As you might have noticed, I've been taking on the sanctity of the US Constitution on my "other" blog, Challenge the Establishment.
I remember, just within the past 4-5 years, that my initial reaction to hearing criticism of the US Constitution was one of discomfort ... Intellectually I could understand the critiques, but I was emotionally socialized to think of the Constitution as being ... exceptional and immutable.
It takes time to come to grips with challenges to one's bedrock beliefs. But, through repeated exposure to the critiques, through alternative critiques that accumulate into a body of evidence, through dialogue with other humans who are exploring the same path of inquiry, the bedrock can loosen into soil. Over time, as the weight of evidence becomes irrefutable, the soil becomes fertile ground for advancing positive social change.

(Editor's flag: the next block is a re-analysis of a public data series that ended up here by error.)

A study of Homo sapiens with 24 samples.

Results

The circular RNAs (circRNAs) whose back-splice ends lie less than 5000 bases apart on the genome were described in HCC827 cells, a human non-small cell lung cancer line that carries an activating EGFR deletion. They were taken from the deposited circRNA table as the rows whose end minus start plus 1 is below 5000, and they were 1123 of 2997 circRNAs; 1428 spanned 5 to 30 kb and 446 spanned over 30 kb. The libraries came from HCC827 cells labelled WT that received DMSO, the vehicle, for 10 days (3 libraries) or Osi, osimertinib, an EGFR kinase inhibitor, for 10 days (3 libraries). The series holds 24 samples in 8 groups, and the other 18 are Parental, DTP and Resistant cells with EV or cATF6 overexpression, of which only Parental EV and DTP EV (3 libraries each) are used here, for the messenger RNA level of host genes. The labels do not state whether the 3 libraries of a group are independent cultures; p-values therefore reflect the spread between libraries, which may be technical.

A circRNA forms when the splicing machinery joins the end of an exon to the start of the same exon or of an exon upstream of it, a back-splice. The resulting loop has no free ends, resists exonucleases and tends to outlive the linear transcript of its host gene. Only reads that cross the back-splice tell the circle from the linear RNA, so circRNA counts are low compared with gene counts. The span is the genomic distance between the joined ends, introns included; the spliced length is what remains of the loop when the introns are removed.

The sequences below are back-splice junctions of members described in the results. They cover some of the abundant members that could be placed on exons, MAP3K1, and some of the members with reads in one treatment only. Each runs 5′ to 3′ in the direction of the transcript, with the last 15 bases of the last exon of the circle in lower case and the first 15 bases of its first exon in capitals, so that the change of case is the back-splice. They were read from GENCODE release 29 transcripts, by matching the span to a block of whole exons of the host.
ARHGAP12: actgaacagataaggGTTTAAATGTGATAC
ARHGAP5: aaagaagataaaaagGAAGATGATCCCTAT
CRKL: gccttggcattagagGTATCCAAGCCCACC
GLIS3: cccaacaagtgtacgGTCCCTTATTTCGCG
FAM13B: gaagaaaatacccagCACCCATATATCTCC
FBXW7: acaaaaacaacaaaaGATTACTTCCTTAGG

The discomfort of challenging deeply held, socialized beliefs never goes away completely, in part because they are so deeply ingrained. But, in addition, by challenging conventional wisdom, you become a minority; facing reactions ranging from apathy to rejection to ridicule to outright hostility.
Facing the discomfort with the company of others helps. The Program on Corporations, Law and Democracy (POCLAD) Challenging has been bringing humans together on such issues for over a decade. The conventional wisdom about the role of corporations in our society goes hand in hand with challenging myths about the sanctity of the US Constitution.
I'll be revisiting these topics on this blog, the Challenge the Establishment blog, and on GDAE Podcast in 2010. I invite you to probe these bedrock issues with me.